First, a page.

Amazon exec says tech giant is ‘Bernie Sanders of employers’ as senator supports union effort


Dave Clark is feeling the snark.

The Amazon exec on Wednesday tweeted about the ongoing unionization efforts at the companys fulfillment center in Bessemer, Ala. Sen. Bernie Sanders was the subject of his tweets; the senator from Vermont will reportedly visit Bessemer on Friday to support workers who want to unionize.

Clark is one of Amazons top execs. He joined the company in 1999 and took over as Worldwide Consumer CEO this year after an 8-year stint as senior vice president of worldwide operations.

Weve reached out to Amazon for additional comment and will update if we hear back.Update: Amazon said it had no further comment or statement beyond Clarks tweets.

Just before the tweets about Sanders, Clark also tweeted at Sanders communication director in regard to the companys decision to implement a $15 minimum wage.

More than 5,800 workers in Alabama are currently voting by mail on whether to organize under the Retail, Wholesale and Department Store Union. Its a pivotal vote that could set the tone, if not a precedent, for hundreds of thousands of Amazon workers. Voting ends next week.

Sanders has been vocal about the unionization efforts in Alabama. Earlier this month he invited Amazon CEO Jeff Bezos to a Senate Budget Committee hearing on income inequality.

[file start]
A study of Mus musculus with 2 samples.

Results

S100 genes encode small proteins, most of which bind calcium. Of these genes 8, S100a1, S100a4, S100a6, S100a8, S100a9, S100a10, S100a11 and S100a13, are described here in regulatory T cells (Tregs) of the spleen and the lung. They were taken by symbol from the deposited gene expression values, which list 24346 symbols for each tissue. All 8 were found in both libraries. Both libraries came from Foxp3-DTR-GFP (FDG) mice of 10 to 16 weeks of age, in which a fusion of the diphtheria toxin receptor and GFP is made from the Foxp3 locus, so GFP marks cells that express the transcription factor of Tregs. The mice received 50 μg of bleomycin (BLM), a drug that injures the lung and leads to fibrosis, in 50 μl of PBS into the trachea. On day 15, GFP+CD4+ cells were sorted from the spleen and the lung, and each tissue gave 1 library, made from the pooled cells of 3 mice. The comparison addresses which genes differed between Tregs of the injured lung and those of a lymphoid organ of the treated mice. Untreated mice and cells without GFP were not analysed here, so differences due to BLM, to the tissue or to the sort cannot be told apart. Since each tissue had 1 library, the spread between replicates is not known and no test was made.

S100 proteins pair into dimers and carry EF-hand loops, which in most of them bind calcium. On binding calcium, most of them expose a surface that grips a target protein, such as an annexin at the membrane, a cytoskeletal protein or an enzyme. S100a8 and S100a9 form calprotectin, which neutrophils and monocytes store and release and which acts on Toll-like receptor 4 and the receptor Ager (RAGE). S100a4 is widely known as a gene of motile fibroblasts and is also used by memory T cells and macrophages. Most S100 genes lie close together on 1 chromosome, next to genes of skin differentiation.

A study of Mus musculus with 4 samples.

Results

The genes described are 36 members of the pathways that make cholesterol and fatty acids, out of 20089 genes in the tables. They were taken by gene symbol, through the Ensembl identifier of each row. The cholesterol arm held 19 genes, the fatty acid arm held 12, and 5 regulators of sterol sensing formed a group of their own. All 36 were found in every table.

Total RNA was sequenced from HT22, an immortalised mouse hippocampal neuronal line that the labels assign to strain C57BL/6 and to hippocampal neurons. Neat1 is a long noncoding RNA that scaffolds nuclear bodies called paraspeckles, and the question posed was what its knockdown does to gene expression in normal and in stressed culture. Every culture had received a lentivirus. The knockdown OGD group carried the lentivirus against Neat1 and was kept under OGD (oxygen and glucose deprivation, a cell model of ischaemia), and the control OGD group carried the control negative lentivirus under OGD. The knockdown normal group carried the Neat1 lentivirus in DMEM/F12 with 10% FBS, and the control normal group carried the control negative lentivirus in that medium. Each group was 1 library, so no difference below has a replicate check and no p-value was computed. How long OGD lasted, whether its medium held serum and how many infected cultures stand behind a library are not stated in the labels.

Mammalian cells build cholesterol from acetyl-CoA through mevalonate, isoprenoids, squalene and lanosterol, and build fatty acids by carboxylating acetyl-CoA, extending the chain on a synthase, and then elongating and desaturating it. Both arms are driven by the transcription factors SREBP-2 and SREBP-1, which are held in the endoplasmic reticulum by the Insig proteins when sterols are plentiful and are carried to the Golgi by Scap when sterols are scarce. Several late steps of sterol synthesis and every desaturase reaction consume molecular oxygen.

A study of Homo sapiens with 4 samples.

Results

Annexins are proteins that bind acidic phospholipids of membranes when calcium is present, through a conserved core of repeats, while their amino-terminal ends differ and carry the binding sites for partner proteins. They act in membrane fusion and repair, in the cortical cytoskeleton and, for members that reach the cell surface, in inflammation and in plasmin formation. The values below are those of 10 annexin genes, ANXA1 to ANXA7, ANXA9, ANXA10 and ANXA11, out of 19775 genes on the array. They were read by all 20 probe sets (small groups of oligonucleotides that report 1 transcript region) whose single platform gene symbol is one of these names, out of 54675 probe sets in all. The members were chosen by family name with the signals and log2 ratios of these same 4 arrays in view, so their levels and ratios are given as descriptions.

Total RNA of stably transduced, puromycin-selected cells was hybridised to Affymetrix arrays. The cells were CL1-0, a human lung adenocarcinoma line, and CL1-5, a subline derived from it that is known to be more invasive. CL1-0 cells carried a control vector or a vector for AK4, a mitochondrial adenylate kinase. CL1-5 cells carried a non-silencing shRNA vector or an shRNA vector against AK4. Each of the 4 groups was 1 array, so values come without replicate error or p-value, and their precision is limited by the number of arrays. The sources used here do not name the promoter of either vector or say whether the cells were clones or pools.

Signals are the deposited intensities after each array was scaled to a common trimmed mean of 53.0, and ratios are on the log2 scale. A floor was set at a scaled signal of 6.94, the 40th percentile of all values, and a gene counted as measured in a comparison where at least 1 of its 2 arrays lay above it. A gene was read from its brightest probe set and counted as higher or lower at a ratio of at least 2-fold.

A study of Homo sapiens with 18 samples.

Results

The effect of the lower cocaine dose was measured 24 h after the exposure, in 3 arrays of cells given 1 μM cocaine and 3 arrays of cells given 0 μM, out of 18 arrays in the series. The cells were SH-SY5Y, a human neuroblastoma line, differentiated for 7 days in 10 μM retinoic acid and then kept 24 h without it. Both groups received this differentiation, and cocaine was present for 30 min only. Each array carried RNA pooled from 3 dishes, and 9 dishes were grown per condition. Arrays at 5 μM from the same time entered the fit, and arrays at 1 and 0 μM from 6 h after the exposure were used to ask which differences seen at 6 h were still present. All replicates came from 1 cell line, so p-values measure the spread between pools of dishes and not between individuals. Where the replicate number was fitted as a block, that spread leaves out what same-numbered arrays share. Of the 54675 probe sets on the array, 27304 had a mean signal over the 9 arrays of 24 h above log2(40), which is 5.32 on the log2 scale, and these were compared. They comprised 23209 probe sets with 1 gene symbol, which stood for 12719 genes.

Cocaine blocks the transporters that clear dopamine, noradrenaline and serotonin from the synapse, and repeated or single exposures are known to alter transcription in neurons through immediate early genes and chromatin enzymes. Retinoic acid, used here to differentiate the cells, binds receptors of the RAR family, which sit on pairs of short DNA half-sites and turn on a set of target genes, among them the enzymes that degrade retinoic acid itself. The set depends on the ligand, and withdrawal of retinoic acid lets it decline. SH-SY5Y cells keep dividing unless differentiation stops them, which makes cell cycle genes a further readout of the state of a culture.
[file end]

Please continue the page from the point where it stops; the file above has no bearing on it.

President Joe Biden earlier this monthvoiced support for workers without calling out Amazon by name. Sen. Marco Rubio took a more pointed route, writing an opinion piece in USA Today that said woke CEOs like Bezos view workers as a cog in a machine.

Rubio wrote: Heres my standard: When the conflict is between working Americans and a company whose leadership has decided to wage culture war against working-class values, the choice is easy I support the workers. And thats why I stand with those at Amazons Bessemer warehouse today.

Amazon has fought back against efforts to unionize at its fulfillment centers, with The Washington Post reporting this month that the giant online retailer and cloud computing powerhouse is engaging in hard-nosed anti-union tactics it has honed over the past 27 years. Meanwhile, the company is rolling out a massive PR campaign, touting support for a national $15 per hour minimum wage.